ReSharper Ultimate 2016.3 EAP 6 is now available to download. Let’s take a look at what’s in this latest build.
EAP 4 introduced support for profiling .NET Core applications, and now you can profile .NET Core unit tests directly from ReSharper’s test runner. You’ll note that currently, dotTrace hasn’t yet added folding or subsystem definitions for the xUnit.net or .NET Core modules, which can make it a little harder to read, but don’t worry, we’re working on this.
As before, there are certain restrictions – this is Windows only, right now, and targets the CoreCLR, not Mono. It also only supports Sampling mode. However, we previously suggested setting the COMPLUS_ReadyToRun environment variable. This is no longer necessary – dotTrace will do this for you.
Next up, the Timeline view in dotTrace now supports capturing native allocations. This is enabled in the Advanced view when Timeline is selected.
Once enabled, dotTrace will capture events whenever there is a native allocation. Note that this has an overhead, and can have a noticeable impact on the application being profiled.
After profiling is complete, and the data is analysed, dotTrace will add a new filter of “Native Memory Allocations”. When selected, this will filter down to only the events which caused native memory allocations, selecting the time slices on the main Timeline view, and filtering the Call Stack top methods to the methods that were making the allocations.
We’ve also added a new Events tool window that aggregates file, HTTP, SQL or exception events that have taken place during the currently selected set of time slices. This is similar to the filters of the same name, but is designed to allow examination of the events, rather than to use them as the filter. Selecting an event will give details of the event, including timestamp, duration and call stack.
This build sees initial support for C# 7.0’s pattern matching in is expressions and switch cases. This is just the start, and more support is of course coming in future builds.
Our tool for speeding up your solution build time, ReSharper Build, is also getting a bit of an update in this EAP.
Firstly, the results of a build are now displayed in their own Build Results window, which will list build warnings and errors. Toolbar buttons allow hiding warnings, displaying a preview of the code with the error, and exporting the results to a file.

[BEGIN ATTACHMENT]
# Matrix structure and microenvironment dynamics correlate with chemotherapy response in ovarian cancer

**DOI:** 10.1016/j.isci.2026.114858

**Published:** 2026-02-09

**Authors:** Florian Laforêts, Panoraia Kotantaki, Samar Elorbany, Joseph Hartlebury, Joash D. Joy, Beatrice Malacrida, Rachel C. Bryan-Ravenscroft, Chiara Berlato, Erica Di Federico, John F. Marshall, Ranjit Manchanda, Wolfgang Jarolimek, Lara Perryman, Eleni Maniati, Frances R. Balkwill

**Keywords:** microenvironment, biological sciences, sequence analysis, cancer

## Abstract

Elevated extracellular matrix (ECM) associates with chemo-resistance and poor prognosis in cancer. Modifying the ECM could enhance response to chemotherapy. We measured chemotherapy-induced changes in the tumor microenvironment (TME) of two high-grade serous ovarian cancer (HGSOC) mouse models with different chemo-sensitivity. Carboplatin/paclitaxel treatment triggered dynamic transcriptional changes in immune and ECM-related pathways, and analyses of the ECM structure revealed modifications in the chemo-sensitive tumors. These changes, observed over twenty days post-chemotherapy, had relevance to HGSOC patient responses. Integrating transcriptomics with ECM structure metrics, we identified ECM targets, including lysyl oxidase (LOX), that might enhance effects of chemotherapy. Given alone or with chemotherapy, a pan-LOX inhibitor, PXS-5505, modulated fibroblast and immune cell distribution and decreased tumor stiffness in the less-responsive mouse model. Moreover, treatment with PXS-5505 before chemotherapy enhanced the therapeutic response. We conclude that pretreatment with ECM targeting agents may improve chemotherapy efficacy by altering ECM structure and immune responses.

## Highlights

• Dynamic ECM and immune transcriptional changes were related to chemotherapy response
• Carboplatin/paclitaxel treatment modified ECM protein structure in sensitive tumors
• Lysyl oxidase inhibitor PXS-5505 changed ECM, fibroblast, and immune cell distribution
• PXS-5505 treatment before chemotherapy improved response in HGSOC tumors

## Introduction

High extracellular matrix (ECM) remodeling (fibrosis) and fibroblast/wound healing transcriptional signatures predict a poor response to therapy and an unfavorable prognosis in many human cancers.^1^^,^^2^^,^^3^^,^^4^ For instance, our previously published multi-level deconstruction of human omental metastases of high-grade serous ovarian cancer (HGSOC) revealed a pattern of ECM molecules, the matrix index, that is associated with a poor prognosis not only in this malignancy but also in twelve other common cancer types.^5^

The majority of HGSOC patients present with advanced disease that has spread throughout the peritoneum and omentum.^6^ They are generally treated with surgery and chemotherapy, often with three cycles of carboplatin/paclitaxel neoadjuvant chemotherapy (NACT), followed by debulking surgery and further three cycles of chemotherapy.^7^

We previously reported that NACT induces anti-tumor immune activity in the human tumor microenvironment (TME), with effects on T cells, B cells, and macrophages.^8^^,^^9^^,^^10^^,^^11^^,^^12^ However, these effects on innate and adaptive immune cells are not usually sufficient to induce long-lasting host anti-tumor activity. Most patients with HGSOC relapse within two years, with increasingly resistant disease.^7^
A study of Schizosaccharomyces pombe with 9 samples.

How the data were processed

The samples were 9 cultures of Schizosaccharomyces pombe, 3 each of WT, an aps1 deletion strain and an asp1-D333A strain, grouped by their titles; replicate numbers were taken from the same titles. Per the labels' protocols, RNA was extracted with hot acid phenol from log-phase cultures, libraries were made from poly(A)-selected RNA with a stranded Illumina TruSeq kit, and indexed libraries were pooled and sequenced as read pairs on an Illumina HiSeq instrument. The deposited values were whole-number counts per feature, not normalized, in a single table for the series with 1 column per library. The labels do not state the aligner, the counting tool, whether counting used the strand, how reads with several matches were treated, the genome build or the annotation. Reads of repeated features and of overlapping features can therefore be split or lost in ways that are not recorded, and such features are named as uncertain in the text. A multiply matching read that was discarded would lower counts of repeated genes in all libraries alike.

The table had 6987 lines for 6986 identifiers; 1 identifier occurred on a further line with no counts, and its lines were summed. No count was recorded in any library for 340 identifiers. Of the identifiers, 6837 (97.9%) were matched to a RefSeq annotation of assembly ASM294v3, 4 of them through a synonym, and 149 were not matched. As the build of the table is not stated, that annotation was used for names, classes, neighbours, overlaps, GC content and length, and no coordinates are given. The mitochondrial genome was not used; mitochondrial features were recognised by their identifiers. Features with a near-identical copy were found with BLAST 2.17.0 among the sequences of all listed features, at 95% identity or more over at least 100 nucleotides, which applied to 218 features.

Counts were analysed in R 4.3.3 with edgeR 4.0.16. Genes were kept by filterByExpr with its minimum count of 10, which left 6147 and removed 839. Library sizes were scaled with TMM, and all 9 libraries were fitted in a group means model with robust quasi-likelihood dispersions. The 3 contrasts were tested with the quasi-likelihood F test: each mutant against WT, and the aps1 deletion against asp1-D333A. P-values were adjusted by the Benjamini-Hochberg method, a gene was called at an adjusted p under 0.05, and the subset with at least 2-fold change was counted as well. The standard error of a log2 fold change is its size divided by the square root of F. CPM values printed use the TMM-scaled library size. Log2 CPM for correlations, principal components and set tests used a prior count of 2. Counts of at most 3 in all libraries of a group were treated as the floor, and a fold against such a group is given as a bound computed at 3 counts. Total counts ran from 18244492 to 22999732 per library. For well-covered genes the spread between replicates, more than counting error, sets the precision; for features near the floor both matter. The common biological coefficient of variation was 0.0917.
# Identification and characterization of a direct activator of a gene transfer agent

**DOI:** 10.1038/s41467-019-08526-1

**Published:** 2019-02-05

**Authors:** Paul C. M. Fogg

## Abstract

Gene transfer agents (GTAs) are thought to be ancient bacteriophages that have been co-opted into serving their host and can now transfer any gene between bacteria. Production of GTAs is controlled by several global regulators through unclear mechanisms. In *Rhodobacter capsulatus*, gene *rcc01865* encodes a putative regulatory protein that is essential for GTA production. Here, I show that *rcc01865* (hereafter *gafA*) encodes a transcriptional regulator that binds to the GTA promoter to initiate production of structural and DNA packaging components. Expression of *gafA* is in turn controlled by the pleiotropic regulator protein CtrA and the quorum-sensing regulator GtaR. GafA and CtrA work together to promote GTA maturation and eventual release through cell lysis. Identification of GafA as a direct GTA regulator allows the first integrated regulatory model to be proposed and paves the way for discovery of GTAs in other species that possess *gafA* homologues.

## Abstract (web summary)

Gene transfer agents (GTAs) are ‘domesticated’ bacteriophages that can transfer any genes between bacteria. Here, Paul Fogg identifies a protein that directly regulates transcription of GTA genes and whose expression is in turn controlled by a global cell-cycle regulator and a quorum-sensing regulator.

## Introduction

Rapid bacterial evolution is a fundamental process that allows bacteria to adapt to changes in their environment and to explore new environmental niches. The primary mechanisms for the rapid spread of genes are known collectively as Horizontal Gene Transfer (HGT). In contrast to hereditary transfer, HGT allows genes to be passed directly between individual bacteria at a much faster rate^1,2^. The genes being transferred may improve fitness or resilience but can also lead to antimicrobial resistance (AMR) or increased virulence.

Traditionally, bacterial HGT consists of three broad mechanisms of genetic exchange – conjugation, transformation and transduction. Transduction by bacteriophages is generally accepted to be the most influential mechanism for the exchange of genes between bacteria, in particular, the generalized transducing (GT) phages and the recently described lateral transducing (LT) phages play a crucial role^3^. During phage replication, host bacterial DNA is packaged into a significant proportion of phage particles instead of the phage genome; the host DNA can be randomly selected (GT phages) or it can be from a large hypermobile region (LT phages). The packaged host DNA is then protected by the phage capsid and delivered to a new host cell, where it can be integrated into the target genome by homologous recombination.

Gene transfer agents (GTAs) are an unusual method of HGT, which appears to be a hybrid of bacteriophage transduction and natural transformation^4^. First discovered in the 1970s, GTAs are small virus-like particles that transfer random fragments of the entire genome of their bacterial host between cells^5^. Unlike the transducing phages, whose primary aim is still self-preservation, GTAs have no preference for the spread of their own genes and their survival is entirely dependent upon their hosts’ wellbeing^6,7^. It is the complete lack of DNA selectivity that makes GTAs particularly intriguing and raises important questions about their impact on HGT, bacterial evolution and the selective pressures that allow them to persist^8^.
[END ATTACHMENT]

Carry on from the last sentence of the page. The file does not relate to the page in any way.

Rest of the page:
You get a lot of control over how you want to see the results, too. You can show them as a flat list, or enable grouping, to show by a mixture of project, folder and file. Or you can use ReSharper’s semantic knowledge of the file to group by namespace, type and member.
The options are currently being reworked, as well. For example, you can choose when the Build Results window is shown – always, never, only when there are errors, or when there are warnings or errors. We’ve also split the heuristics lists into their own page, and added a NuGet restore log page, to capture output from NuGet restore activities.
The other interesting new option is to log the build to either the Output window, or a file. You get to choose what kinds of messages are output – errors, warnings, messages and standard console output – and of course, the location of the log file.
And ReSharper Build now gets its own implementation of NuGet restore. Previously, we would use Visual Studio’s NuGet integration to perform the restore, but this only worked in Visual Studio 2015. We’ve rewritten this so it now works for all Visual Studio versions. The new NuGet options page allows capturing and viewing log information for restores.
And finally, ReSharper C++ gets a form of postfix completion that is very much like C# extension methods. If you “dot” an expression, ReSharper C++ will now suggest free functions that would accept that expression as the first parameter. When you accept the suggestion, ReSharper C++ will rewrite your code so that the expression is passed as the first argument.